Submitted by Alexa’s father, Frank Cioffi, who has formally adopted her son, Frankie
What Alexa was like
Alexa was very outgoing, gregarious and fun to be with. She was a good friend to her friends … and kind and compassionate to everyone. She was always adopting dogs. Anyone who was in need, Alexa was always the first one there to help. One of my best friend’s brothers had a traumatic brain injury, and Alexa visited him a lot.
How drugs became a part of her life
She had a car accident — at 17. She broke her wrist, was prescribed painkillers and liked them. She’d use for a while and then not use. I don’t think she got super addicted until her mid-twenties. The rest of the time she just liked opioids but wasn’t totally dependent on them.
When I first knew something was wrong
Alexa and I worked together, so I was with her a lot. But she was pretty good at hiding things that were going on in her life. I kind of was oblivious to something being really wrong until she stole from family members, and that led to the discussion: “What do you need this money for?”
How opioid-use disorder changed our relationship
I think it got more honest. We got to the root of what was going on. She had a couple of incidents living with her former boyfriend that were not healthy. After one of them, I got called into the situation and thought to myself, Whoa, what’s going on here? I encouraged her to move away and helped her find her own place to live after that.
What I’ve learned about addiction
I grew up in the 1970s and I am no angel, by any means, but I don’t know what it’s like to be addicted to something that is so powerful that it’s all you can think about. Until any of us fully understand that, or have been with someone they love who is suffering like that, you don’t realize. Yes, it is an elective choice on their part, but it’s all-consuming, overwhelming. Alexa didn’t want to be addicted. She couldn’t find a way to get there.
Alexa went to counseling. She did a short rehab at Maple Leaf. It did help quite a bit for a while, but then she got back into it. More so, I think her boyfriend was struggling with addiction, and she really wanted a family.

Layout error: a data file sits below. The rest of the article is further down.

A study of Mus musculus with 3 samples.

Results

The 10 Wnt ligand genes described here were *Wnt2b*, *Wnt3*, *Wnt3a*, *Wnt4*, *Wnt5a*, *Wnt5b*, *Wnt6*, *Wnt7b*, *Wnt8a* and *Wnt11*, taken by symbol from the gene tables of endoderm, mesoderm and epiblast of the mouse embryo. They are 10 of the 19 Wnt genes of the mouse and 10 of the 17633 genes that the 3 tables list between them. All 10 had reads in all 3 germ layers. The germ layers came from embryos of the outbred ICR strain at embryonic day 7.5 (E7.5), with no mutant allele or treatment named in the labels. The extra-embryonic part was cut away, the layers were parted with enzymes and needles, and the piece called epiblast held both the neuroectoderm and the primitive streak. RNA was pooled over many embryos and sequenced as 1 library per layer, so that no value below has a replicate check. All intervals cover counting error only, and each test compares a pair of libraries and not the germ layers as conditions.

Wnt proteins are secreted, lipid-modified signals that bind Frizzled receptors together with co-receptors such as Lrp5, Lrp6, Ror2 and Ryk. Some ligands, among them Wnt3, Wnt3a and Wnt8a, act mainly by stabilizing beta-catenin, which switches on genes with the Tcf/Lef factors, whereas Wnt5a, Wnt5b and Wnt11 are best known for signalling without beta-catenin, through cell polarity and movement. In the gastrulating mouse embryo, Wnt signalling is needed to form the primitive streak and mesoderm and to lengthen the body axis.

What Alexa was most proud of
Being a mother. Definitely. Frankie was 2 years and 4 months old when she died. She had thousands of pictures of him. He was her primary purpose and total love in life.
Alexa had a child previous to Frankie that she offered up for adoption. She was in her twenties. She just wasn’t ready and she wasn’t in a relationship that she thought was going to be a partnership, and I don’t think she saw she could raise the baby alone, either. So she worked with Lund, and she selected the adoptive family. That certainly was heart-wrenching for her and, I think, drove her into a depression.
The last days I shared with my daughter
Alexa texted me in California to ask if she and Frankie could stay at my family’s home in St. Albans while I was away, because she didn’t feel safe where she was. I said yes, of course, and came back to find them there. I could tell she was sick. She thought she had a broken rib. And she was limping a little bit. I offered to take care of Frankie. From his birth, I have acted as his dad; I bathed him every night, read to him and put him to bed. Together with Jovana, my former wife and Alexa’s mom, the three of us were raising Frankie together.
On the day she died, Alexa was too sick to watch Frankie, so Frankie and I went to the store for diapers and baby needs. We came back within an hour, and the house was quiet. I thought Alexa was still sleeping. I made Frankie a snack and changed him before I went in to find Alexa lying sideways on the bed. I screamed her name. She didn’t move. So I shook her. She didn’t move. I think that Frankie heard me scream.
I took my phone out, put it on speaker, dialed 911 and started CPR. That’s when I noticed she had marks on her neck and chest. As soon as the EMTs came, they injected her with Narcan. They couldn’t bring her back and concluded she didn’t have an overdose.
The cause of death was acute bronchial pneumonia due to chronic substance abuse. So it was from snorting pills. She just stopped breathing. She might have had a heart issue that kicked in after that.
The autopsy showed traces of fentanyl, too. This is her obituary.
If I could say one thing to Alexa now, it would be this
I wish you were here to see your son every day. You would delight in everything he does. And he looks like you, too. He is beautiful.
What I have learned from this tragedy
My lesson in all of this is: You think you can plan. You can’t plan. If you get sick or something like this happens, you must be agile and find ways to move forward.
I’ve done a lot of things in life personally and professionally, and raising and caring for my grandson is the most meaningful, purposeful and most fulfilling thing I think I’ve ever been a part of. It’s a joyful and fun opportunity and a privilege. He turned 6 yesterday. Blueberry pancakes at 5:45 a.m.